A recent item in the New York Times pointed out an important fact: for all the talk of economic inequality as a growing problem, it is also true that inequality has not risen since the Great Recession.
That is not to say we should be crying for the very rich. Only to point out that, while inequality remains at or near its highest levels than at any time since before the Great Depression, it is also true that recent government policy may be taking the edge off – if only a little bit.
That seems to be the case in California, where voters approved higher tax rates on the highest income earners by passing Proposition 30 in 2012.
So, what impact is Proposition 30 having on inequality in California?
According to the Legislative Analyst’s Office, the state’s top income earners now pay a larger share of the state’s tax revenue than ever before.
This is despite the fact that California’s top 1% of earners is accounting for about the same – in fact, a slightly smaller — portion of the total income earned than it before the recession.
In 2007, there were more than 15 million tax returns filed — 15,016,276 to be exact. In that year, there were more than 146,221 returns filed with a adjusted gross income of more than 500,000 – about 1 percent of tax filers.
That year, the top earners brought in $255 billion of the $873 billion in total taxable income – 29.2 percent of the state total.
By 2012, the 1 Percent’s share of taxable income had dropped. In 2012, there were 15.2 million total state tax returns filed. By then, the threshold to make the top 1% had gone up. There were 161,744 returns of $500,000 or more – the top 1% percent.
Those top earners raked in more than $275 billion in taxable income – 28.5 percent of the $965 billion statewide total.
(Note: Proposition 30 was approved in November 2012, but it adjusted the tax rates for the entire 2012 calendar year. Therefore, the 2012 receipts reflect the first year the higher income taxes were on the books)
Despite accounting for a smaller portion of the state’s total taxable income, the highest earners are paying a larger share of the state’s income taxes.
That is because of Proposition 30, which raised income taxes on the state’s highest income earners by about $5.6 billion, according to estimates from the Franchise Tax Board.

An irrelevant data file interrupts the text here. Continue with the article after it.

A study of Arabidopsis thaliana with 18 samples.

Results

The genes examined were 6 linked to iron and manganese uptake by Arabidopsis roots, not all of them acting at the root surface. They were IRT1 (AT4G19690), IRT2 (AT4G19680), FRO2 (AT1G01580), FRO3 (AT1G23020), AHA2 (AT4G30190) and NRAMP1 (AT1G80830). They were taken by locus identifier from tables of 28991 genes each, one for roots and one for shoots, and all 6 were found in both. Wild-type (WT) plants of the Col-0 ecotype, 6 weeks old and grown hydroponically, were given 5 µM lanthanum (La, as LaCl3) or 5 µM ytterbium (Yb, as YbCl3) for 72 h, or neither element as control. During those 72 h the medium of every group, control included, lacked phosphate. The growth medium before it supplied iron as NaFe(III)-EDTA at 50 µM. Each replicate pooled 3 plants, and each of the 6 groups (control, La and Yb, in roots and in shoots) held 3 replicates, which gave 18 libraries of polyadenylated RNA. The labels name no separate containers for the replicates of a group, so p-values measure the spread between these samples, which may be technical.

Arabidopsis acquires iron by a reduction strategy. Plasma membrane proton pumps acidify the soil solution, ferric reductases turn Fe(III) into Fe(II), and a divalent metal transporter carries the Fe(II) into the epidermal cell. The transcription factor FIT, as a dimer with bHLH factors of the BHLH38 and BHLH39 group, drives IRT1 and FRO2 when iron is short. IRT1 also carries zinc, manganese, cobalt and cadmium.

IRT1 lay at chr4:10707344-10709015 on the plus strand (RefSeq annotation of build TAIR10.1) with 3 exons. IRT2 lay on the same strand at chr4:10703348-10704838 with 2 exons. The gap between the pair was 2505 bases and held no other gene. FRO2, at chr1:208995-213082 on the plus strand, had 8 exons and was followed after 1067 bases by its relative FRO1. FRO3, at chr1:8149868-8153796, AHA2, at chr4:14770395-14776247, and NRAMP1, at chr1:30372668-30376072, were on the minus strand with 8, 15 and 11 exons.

Leonhardt pointed to other factors, including federal tax policy and the expansion of health-insurance coverage under Obamacare that may be chipping away at the disparity.
“None of these facts, to be clear, changes the larger story: Inequality is far higher than for most of the last century. The Great Depression and the New Deal helped reverse the high inequality of the 1920s. The last several years haven’t reversed more than a small fraction of the post-1980 rise in inequality.
“It’s even possible that inequality will soon surpass its 2007 peak, because the affluent often fare better than any other group in the second half of an economic expansion. On the other hand, the current data doesn’t reflect several of Mr. Obama’s efforts to fight inequality, such as the expansion of health insurance or top-end tax increases. Whatever happens in the next few years, top incomes will almost certainly remain vastly higher than they were in previous decades, while incomes for the middle class and poor will remain only marginally higher. This stagnation has damaged living standards and caused widespread frustration.
But the fact that inequality hasn’t continued rising in the last several years matters – first, because facts matter, and, second, because it helps show what Washington has the potential to do. For much of the last few decades, rather than attacking inequality, government policy has exacerbated it. Tax rates on the very rich, the same group receiving the largest pretax raises, have fallen the most.
Applying this analysis to California may also be a sign that state policy can also make a difference in wrestling with inequality. While California will not be able to simply tax its richest citizens ad infinitum in a vacuum, a more progressive tax system appears to be part of solving the inequality puzzle, or at least slowing the growth of the income gap.